This episode’s vocabulary
- Diverse (adj.) - including many different types of people or things.
- Overbearing (adj.) - too confident and too determined to tell other people what to do, in a way that is unpleasant.
- To convey (verb) - to express a thought, feeling, or idea so that it is understood by other people.
- To expose (adj.) - to subject something or somebody to the action of something or somebody
- Controversial (adj.) - causing disagreement or discussion.
- Chaos (noun) - a state of total confusion with no order.
- Demure (adj.) - If you describe someone as demure, you mean they are quiet and rather shy, usually in a way that you like and find appealing, and behave very correctly.
- Trap (noun) - a device or enclosure designed to catch and retain animals, typically by allowing entry but not exit or by catching hold of a part of the body.
Questions and Answers (Part 3)
Maria: What kinds of music are most popular in your country?
Rory: That's a very good question! It's so diverse and varied. I have absolutely no idea. My guess would be - rock and pop music. This is what you hear on the radio a lot of the time. Maybe traditional highland bands are more popular in some places, but I think the first two are the most popular just based on the evidence.
Maria: Is it necessary for the government to encourage all children to learn music?
Rory: I think that might be a little bit overbearing on the part of the government. I suppose some culture is conveyed by music, so there should be some awareness of it. But that should be the choice of the school board because they work with the parents and the teachers, not the government. And even then, that might be a little bit too much.
Maria: Do you think music lessons are important?
Rory: Well, if you want to be a musician, then yes. And I suppose when you're younger, being exposed in childhood helps determine if that's possible. But it's maybe not the highest priority. There are other ways to find this out, not just music lessons at school, but how you respond to music at home, for example.
Maria: Why do many young people spend much money on music concerts?
Rory: I suppose it's part of their identity and how many of them define themselves... It's sort of like people spending money on religious icons and the like. People want to feel a part of something. And you do that by going to a music concert or gig.
Maria: There's a lot of pirated music. Do you agree that we should support official music?
Rory: Um, actually, no, I don't. This might be a somewhat controversial opinion to hold, but I think actually piracy can be a driver of innovation in marketing and the connections between an artist and their audience. So, for example, it just means that you have to... If you're an artist, for example, you have to to find new ways of reaching your audience and encouraging them to buy your music. And the other thing is it's always going to be there and there's not much that can be done about it. So it's better to work around the problem than try to solve it.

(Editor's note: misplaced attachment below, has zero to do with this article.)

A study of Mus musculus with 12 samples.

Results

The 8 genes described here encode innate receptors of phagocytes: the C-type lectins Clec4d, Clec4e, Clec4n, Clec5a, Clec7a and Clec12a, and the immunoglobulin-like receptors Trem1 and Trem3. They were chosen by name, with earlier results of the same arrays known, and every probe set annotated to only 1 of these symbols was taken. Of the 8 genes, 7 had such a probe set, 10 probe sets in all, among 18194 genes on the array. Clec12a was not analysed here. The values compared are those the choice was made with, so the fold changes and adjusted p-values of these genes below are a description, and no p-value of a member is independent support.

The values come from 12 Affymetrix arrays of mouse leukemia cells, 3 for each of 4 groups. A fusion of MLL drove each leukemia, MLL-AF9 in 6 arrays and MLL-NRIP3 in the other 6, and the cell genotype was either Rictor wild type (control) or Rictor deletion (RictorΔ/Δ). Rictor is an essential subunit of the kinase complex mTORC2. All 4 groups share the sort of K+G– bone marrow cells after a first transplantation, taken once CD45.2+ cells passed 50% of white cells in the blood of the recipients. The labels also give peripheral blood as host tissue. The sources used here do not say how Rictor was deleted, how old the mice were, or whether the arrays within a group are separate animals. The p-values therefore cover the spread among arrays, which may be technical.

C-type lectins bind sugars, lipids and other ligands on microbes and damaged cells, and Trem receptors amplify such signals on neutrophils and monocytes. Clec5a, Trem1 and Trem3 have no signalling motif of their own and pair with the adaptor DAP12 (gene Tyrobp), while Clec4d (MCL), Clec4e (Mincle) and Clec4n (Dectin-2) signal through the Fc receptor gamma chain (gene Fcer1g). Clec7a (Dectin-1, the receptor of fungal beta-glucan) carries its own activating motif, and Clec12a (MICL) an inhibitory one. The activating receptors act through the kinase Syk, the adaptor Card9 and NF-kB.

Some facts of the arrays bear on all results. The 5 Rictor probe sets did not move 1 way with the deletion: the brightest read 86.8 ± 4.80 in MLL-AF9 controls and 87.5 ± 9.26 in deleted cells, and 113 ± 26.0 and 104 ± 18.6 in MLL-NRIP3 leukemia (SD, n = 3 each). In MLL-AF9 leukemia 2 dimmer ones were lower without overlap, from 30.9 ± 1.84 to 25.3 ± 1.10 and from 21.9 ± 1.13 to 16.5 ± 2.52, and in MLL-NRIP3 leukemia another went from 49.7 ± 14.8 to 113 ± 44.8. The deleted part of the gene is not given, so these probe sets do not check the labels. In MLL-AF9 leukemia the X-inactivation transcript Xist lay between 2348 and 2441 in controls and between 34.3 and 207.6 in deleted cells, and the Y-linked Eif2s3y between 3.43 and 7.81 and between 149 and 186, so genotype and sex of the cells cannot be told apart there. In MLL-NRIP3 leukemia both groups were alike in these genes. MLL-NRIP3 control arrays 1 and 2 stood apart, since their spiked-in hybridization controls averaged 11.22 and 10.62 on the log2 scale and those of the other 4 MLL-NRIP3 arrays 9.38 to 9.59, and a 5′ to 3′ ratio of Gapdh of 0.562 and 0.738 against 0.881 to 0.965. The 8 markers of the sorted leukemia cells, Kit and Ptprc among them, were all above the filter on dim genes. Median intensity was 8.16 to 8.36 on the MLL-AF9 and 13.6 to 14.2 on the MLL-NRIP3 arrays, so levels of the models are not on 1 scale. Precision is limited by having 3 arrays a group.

Maria: There is a saying: "Music is like maths." Would you agree?
Rory: I'm not sure what that's supposed to mean, actually. If it means it's pleasant, then I suppose I disagree because music is... Well, music is, so it's pleasant and maths is not so... But if it means that they're are complex and difficult for people to do, then I would agree with that. So it depends what you mean.
Maria: Do you think music concerts are suitable for the elderly to attend?
Rory: Well, I don't think they're suitable for anyone to attend now. They are loud hard to get into, expensive, and you're surrounded by barely organized chaos. I have no idea why anyone would want to go there, least of all older people. Unless it's an orchestra, they might like that. It's usually a bit more demure.
Maria: Why do you think shopping malls often have background music?
Rory: Because it's a trap. It's designed to make you stay and buy more things because you're more relaxed and you want to stay there. People need to know that so they don't fall for it and waste their time and money.
Maria: Do you think older people like the same music as younger people?
Rory: Um, I'm not sure. I think music represents the ideals of different generations, so it might be hard for many older people to cross that divide. Maybe if they're more rebellious in that particular way or want to relate to younger people, they could, but I don't think that's the norm. With that being said, given the increasing diversity of music and musical tastes, who can say what's proper and what's not?